Announced Monday, enterprise software vendor Symbiont is building a private blockchain and smart contracts system that Templum will use for future security token offerings (STOs) by its clients.
Previously, the regulated broker-dealer left the choice of blockchain protocol up to the issuers, but this posed problems, Templum CEO Christopher Pallotta told CoinDesk.
Many were choosing ERC-20 tokens that run on top of ethereum, said Pallotta, but that network’s well-known scaling challenges meant trading could be hampered during periods of high transaction volumes, such as the peak of the CryptoKitties craze.
Security token specialist Templum is shifting from public to private blockchains.
“A blockchain like public ethereum may slow down or stop capacity when you are in the middle of a million dollar or ten million dollar transaction”, said Vincent Molinari, co-founder of Templum. And regulatory compliance is hard because it’s not possible to know who your counterparties are on public chains, he added.
Pallotta said there were also legal concerns about whether ethereum miners would have to be registered as broker-dealers. All told, he said:
“We believe for securities issuance, you need a private, controlled blockchain … you need control of the full lifecycle.”
Still, Molinari tipped his hat to the “wonderful cryptographers” and innovation that has been happening on public chains. “We are very thankful in many ways for the visibility and that technical prowess. We have always embraced the evolution of capital formation that ties directly to secondary liquidity.”
Templum made headlines last year by offering investors “Aspen coins” representing shares in the St. Regis Aspen Resort. The company also tied up a deal with patent transaction platform IPwe to leverage liquidity from intellectual property. The Aspen tokens currently run on Securitize’s private DS protocol.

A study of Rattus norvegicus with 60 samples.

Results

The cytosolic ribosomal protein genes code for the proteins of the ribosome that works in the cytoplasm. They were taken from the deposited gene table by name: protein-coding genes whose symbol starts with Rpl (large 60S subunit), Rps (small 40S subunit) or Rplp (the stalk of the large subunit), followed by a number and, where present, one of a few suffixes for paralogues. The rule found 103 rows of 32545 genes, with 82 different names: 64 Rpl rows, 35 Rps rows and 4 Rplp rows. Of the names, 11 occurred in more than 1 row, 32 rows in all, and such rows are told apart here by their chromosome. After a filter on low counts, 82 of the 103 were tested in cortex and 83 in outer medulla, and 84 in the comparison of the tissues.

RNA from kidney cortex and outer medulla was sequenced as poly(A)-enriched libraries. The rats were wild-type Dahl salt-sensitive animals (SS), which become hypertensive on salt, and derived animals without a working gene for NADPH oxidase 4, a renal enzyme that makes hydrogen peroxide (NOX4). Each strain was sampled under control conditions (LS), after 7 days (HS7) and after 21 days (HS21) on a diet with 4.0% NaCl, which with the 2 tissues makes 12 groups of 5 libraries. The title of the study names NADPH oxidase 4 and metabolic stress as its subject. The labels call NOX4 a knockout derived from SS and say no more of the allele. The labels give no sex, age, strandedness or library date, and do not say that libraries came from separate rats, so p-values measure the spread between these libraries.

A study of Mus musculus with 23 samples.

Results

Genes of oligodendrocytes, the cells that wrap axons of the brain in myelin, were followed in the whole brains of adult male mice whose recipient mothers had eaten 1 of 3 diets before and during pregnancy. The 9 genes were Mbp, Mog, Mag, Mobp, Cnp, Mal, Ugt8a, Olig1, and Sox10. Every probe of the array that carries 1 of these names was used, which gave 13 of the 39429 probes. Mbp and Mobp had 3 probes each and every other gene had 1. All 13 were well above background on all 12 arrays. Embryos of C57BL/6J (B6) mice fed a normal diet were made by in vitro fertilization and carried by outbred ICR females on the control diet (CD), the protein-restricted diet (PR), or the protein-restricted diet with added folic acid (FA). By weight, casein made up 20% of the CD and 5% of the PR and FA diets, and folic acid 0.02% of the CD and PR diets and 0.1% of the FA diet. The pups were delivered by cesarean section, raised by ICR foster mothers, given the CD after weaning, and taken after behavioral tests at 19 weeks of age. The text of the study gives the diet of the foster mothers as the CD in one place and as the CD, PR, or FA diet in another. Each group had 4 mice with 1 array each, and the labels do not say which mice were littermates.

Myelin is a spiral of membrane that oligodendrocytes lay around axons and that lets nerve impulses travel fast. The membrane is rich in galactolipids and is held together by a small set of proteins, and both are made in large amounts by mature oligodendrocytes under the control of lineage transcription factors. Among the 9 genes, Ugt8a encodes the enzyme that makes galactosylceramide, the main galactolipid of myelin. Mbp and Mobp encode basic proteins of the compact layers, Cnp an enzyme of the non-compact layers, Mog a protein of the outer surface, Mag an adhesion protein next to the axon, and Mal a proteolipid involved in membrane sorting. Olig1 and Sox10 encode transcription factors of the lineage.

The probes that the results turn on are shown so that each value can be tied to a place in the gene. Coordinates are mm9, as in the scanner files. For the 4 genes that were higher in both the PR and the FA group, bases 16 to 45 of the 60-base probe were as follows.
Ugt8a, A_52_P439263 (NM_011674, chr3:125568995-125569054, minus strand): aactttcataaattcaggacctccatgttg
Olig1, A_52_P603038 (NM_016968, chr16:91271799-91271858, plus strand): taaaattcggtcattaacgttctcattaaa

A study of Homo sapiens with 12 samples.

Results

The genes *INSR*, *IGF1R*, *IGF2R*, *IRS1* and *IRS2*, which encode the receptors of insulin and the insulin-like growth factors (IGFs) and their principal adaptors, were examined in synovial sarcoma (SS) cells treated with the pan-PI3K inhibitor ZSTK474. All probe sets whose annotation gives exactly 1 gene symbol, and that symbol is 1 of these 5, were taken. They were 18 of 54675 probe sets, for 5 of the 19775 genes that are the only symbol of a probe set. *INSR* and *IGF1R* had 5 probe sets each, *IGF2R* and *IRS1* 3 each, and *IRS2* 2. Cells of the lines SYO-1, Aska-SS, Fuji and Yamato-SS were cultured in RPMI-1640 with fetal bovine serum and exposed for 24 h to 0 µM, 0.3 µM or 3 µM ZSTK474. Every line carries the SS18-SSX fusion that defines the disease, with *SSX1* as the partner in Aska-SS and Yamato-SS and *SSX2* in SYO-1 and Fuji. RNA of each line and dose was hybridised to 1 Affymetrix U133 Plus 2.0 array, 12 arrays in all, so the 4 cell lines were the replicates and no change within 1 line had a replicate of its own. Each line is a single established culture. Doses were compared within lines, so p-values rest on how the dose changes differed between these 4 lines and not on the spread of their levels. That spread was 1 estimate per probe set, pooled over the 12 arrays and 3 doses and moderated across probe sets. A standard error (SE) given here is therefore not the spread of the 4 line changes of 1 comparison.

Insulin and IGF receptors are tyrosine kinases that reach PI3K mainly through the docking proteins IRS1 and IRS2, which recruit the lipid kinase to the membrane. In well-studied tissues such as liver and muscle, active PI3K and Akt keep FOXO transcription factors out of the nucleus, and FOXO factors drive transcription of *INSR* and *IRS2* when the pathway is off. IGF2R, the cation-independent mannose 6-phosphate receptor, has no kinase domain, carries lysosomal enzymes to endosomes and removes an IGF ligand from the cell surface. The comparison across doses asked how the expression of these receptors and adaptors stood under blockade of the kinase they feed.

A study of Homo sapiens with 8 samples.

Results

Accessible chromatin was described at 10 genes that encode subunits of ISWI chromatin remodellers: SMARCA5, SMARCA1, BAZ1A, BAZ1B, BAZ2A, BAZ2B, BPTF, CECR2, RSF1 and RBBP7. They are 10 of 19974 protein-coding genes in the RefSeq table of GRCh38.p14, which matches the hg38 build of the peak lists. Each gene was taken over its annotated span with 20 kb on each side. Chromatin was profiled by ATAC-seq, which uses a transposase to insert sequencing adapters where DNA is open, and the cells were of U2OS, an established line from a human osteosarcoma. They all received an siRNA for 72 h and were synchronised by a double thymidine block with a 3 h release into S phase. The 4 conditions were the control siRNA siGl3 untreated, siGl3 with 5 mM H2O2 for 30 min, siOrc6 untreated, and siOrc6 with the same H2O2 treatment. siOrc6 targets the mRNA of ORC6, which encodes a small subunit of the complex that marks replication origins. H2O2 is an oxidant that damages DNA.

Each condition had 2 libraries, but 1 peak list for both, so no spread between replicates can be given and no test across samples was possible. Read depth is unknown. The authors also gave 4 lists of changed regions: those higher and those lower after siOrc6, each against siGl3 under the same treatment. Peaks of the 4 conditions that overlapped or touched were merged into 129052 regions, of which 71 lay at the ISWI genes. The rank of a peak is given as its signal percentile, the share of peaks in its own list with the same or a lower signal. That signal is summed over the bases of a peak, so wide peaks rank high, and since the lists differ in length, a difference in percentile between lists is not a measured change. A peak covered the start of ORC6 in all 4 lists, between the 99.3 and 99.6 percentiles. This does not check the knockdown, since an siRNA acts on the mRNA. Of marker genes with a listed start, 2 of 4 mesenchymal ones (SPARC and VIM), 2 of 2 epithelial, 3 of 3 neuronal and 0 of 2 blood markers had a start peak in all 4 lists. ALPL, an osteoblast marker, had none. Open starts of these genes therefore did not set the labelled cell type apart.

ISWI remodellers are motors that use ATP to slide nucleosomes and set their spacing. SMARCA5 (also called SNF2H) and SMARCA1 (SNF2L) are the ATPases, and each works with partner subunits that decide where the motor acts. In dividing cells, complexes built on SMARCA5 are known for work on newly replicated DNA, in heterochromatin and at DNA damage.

One thing that made Symbiont an appealing choice for Templum was its ties to Citigroup and Nasdaq, both of which participated in the enterprise blockchain company’s recent $20 million funding round, Pallotta said.
The companies framed their partnership as a way to make the market for private securities – which are not registered with the Securities and Exchange Commission, but legal since they are offered only to sophisticated or wealthy investors – more efficient and transparent.
Molinari said the system whereby unregistered securities are transacted as it exists today is opaque and this results in numerous frictions and added costs.
Ben Spiegelman, strategy leader at Symbiont, said the fact that initial coin offerings (ICOs) on public chains raised over $20 billion in the 2017–2018 bubble only confirms what people who have been around the $3 trillion private securities market have known for some time, namely:
“Investors want greater access to companies. Entrepreneurs want a larger pool of investors. They want more streamlined capital raising processes and they want enhanced liquidity – all the things that were sort of promised with ICOs.”